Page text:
Ghazal 174, Verse 1

{174,1}*

;husn-e mah garchih bah hangaam-e kamaal achchhaa hai
us se meraa mah-e ;xvurshiid-jamaal achchhaa hai

1) although the beauty of the moon at the season/time of its fullness/perfection is good
2) than it, my moon with sun-beauty is better

Notes:

kamaal : 'Completion, conclusion; perfection; excellence; something wonderful, a wonder'. (Platts p.847)

Hali:

In the second line is a 'claim that includes a proof' [da((vaa-e muta:zammin-e daliil]: he has called the beloved a moon with the sun’s beauty so that a reason would emerge for giving her preference over the full moon.
==Urdu text: p. 158 in Hali, Yadgar-e Ghalib

Nazm:

The way the sun is better than the moon. (194)

== Nazm page 194

Bekhud Mohani:

He says that the moon is good only at its greatest fulness. He has called the beloved a 'moon with the sun's beauty' because just as the sun never diminishes, in the same way my beloved's beauty too always remains in the same state. Then, why has he called her a moon? The reason for this can be said to be that the moon's light is pleasing, while the sun's light is not. He used the simile of the moon because from the glory/appearance of the beloved, the eyes, and the burning of the heart, are pleased. He used the simile of the sun only so that it would be clear that there would be no lack in her beauty, as there is in the moon's. (340)

FWP:

SETS == TRANSLATABLES
SUN: {10,5}

Long ago, when I used to knock myself out trying to translate Ghalib, this was one ghazal I worked on obsessively, though I never published it. Anyway, I note my version here for pleasure and nostalgia:

The moon at its fullest
is good.
My moon bright as sunlight
is better.

She won't even give me a kiss,
She keeps her eye on my heart,
She feels the goods
she can get for free
are better.

If it breaks I can get another
from the bazaar.
Compared to the Cup of Jamshid
my cup of clay
is better.

A gift freely given
doubles the pleasure.
The beggar who does not ask
is better.

When I see her
my face lights up.
She thinks the invalid
is better.

Let's see what favor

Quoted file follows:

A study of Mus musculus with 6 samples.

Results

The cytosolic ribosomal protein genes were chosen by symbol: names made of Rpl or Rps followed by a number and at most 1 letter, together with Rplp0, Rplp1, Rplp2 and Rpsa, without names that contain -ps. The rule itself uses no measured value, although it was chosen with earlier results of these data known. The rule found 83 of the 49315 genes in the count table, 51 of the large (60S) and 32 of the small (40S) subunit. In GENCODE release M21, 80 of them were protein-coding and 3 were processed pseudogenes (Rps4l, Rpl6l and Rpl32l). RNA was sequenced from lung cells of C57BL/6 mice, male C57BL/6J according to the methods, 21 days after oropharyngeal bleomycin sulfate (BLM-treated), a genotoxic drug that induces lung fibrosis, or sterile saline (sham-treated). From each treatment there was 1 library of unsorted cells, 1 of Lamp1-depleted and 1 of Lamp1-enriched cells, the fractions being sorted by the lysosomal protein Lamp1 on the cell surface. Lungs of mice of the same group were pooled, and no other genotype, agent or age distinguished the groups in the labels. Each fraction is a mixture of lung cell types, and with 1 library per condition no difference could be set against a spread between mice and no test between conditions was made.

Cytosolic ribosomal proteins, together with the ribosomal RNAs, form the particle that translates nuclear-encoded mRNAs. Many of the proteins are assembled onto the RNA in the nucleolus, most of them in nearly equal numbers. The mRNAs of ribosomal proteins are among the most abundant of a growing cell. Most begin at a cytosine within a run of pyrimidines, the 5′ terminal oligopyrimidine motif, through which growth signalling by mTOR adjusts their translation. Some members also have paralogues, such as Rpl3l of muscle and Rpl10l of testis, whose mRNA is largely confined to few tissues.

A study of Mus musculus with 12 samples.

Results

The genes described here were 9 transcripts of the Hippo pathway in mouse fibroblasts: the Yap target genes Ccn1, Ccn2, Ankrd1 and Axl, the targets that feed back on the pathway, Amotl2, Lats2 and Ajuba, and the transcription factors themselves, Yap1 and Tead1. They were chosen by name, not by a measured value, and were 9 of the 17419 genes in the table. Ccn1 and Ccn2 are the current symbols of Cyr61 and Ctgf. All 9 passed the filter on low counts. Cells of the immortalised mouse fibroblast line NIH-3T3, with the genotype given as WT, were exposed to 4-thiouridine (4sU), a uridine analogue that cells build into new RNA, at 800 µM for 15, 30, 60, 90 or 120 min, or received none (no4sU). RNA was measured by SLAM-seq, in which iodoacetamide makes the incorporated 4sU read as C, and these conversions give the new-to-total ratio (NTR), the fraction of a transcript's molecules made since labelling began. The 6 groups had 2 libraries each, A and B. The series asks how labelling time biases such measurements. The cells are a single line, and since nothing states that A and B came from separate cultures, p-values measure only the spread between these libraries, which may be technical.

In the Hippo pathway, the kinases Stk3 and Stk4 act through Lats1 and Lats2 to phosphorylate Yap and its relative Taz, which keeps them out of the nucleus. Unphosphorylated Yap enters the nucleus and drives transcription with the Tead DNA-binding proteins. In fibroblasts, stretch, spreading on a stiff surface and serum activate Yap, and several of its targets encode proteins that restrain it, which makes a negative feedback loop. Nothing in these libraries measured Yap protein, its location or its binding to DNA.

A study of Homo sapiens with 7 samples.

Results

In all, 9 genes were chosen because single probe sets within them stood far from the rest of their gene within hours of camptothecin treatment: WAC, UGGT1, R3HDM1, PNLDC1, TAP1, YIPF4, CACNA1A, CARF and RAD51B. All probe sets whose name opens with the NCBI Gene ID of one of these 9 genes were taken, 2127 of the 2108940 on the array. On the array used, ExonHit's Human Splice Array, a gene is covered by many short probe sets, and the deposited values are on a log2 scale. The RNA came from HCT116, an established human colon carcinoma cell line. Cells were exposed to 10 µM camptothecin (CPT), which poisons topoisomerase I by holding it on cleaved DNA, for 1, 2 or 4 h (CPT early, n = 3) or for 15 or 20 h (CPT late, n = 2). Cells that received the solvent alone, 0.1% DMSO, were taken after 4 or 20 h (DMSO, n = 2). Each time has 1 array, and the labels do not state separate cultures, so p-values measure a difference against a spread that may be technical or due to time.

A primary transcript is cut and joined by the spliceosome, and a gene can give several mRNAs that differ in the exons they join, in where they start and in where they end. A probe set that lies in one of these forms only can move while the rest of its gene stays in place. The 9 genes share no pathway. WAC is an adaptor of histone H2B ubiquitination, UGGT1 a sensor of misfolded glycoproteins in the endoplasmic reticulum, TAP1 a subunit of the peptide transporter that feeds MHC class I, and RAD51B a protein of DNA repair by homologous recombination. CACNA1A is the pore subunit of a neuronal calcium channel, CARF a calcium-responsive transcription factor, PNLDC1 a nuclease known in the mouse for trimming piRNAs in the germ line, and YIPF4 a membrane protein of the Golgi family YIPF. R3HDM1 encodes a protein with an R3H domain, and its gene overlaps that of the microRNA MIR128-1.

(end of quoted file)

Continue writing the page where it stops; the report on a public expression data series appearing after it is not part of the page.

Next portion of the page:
it brings to lovers!
A pundit has said that this year
will be better.

His axemanship won Farhad
a chance to talk with Shirin.
In any case, for everyone
to have a skill
is better.

A drop that makes it all the way
to the river
becomes the river.
A task is worth undertaking
when its outcome
is better.

[verse omitted]

Oh, we know the truth about Heaven!
Still, to keep the heart happy,
Ghalib, such a notion
is better.


In this ghazal Ghalib takes advantage of the fact that the Urdu comparative of good [achchhaa] is '[more] good than/from X' [kisii chiiz se achchhaa]. Therefore he's able to make the refrain shift at will from the one to the other. English, with 'good' and 'better', hasn't got a prayer of keeping up. So I cheated, as you'll notice, in order to keep 'better' at the end of all the verses. (Or rather, to put it more elegantly, I chose to preserve the regularity of the refrain even at some sacrifice of the literal meaning.) I also omitted the next-to-last verse, since it wasn't worth the hassle of explaining it in footnotes. It's very liberating to have this present commentarial space to work in, and not to be bogged down any more in (vain) attempts like the above.

What a ravishing, flowing, light-hearted, irresistible ghazal this is! It makes me happy every time I read it, it's so swingy. The rhythm and swing are a kind of unifying tone for it, along with its relatively long and influential refrain. Its verses mostly aren't profound and deeply metaphysical, but who cares? Ghalib can create all kinds of effects when he wants to. And without this playful, witty ghazal, his divan would truly be the poorer.